Some plants have medicinal properties, others are used in food dishes and some serve their purpose just by being beautiful. Pampas grass, however, has had an interesting objective for decades now: identifying swinger homes. Unable to shake that association, the plant has largely fallen out of fashion.
However, it’s recently seen a surge in popularity within the home, as opposed to outside of it.
An idea sparked in the 1970s
During the sexual revolution of the 1960s and ’70s, pampas grass somehow became linked with “swingers” – people who willingly participate in group sexual activity or the swapping of partners. While there have been many signifiers for swinger households, including pink flamingos and upside-down pineapples, it’s pampas grass that’s inconspicuously signaled outsiders to these homes (or so they say).
The long stalks and fluffy plumes of the pampas plant, when swaying in the wind, create a flowy and rhythmic motion, which may have been the reason why it became so closely associated with swingers. Nowadays, new homeowners are unaware of the message being sent to others while the grass adorns their yards. But once they do, many swiftly remove the plant.
British journalist and presenter Mariella Frostrup recalled being bombarded with calls and visits from strangers inquiring about swinging after noticing the potted pampas grass she’d unknowingly placed outside her residence. Its beauty has attracted many unaware of its underlying meaning – they just want to plant it in their own gardens!
While popular culture has propelled the notion that the plant is a distinct signifier of a swinging household, this claim is rooted in myth. Not all swingers see pampas grass as a symbol of swinging, so it’s still difficult to know for sure if it truly does serve as such.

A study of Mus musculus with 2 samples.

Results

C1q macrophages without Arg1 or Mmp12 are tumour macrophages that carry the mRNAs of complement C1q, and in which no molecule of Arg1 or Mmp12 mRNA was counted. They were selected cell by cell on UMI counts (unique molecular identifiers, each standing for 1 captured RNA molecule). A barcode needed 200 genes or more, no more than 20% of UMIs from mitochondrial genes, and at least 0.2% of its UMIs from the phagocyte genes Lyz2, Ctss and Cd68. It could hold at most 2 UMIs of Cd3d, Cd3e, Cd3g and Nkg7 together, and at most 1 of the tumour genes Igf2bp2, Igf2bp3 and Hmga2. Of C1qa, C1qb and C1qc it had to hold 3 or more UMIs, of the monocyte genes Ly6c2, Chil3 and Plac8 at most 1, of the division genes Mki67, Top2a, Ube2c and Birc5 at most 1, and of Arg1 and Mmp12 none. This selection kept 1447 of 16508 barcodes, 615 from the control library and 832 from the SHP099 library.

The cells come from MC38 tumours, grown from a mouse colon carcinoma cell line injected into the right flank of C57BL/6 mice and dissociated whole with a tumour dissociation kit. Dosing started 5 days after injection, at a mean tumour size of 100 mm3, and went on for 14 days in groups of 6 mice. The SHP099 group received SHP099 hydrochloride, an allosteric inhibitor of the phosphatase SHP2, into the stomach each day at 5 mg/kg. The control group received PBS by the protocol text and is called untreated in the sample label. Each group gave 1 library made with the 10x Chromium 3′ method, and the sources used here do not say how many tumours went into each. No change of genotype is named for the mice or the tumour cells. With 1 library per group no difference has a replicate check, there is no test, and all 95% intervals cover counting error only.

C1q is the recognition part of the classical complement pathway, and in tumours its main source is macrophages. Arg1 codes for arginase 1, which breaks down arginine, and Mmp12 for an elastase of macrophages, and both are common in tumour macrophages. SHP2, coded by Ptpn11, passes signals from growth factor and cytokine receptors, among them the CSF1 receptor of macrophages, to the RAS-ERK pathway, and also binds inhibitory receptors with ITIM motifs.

Pampas grass has largely fallen out of favor
As you can imagine, those who don’t identify as swingers have steered clear of planting pampas grass in their yards, causing it to largely fall out of favor. Sales have dramatically dropped over the decades, with UK plant sellers saying the decline is “in no small part due to the plant being regarded as a secret signal to passers-by.”
However, there may be another reason why pampas grass has fallen out of favor. Adrian Sharp, a plant buyer at The Orchard Garden Centre and Café in Celbridge, Ireland, told The Irish Times:
“Its architectural form, the fact that it was low maintenance and evergreen made it really popular in Ireland about 10 years ago. What everyone wants now is instant colour so the garden looks well when you spend time in it in the summer when barbecuing. They want a modern version of the traditional cottage garden, a space that will encourage wildlife like bees and butterflies; flowers like foxgloves, perennial geraniums and bluebells.”
Additionally, many plant experts have waved off the myth that pampas grass is a sign for swingers and, instead, cite its difficulty to remove as part of the reason why it’s no longer popular. “Its downfall is that is a very big risk plant. It is difficult to handle. Its leaves can cut you like a razor blade when you try to cut it back and it has big root systems,” Sharp explained.
For him, this is more likely the cause for the decline in sales, as he’d never heard of the swinger association before.
Pampas grass is seeing a resurgence in popularity
Despite the long-standing myth, pampas grass has recently seen an uptick in popularity. However, it’s not necessarily in the same form as years prior.
Interior and wedding designers have taken a liking to dried pampas stalks inside the home as a form of decoration, as opposed to being planted and living outside. The stalks hold their shape and the fluffy plumes maintain their wispy look. As well, drying out the plant bleaches the color, making it the perfect addition to boho-themed homes and weddings.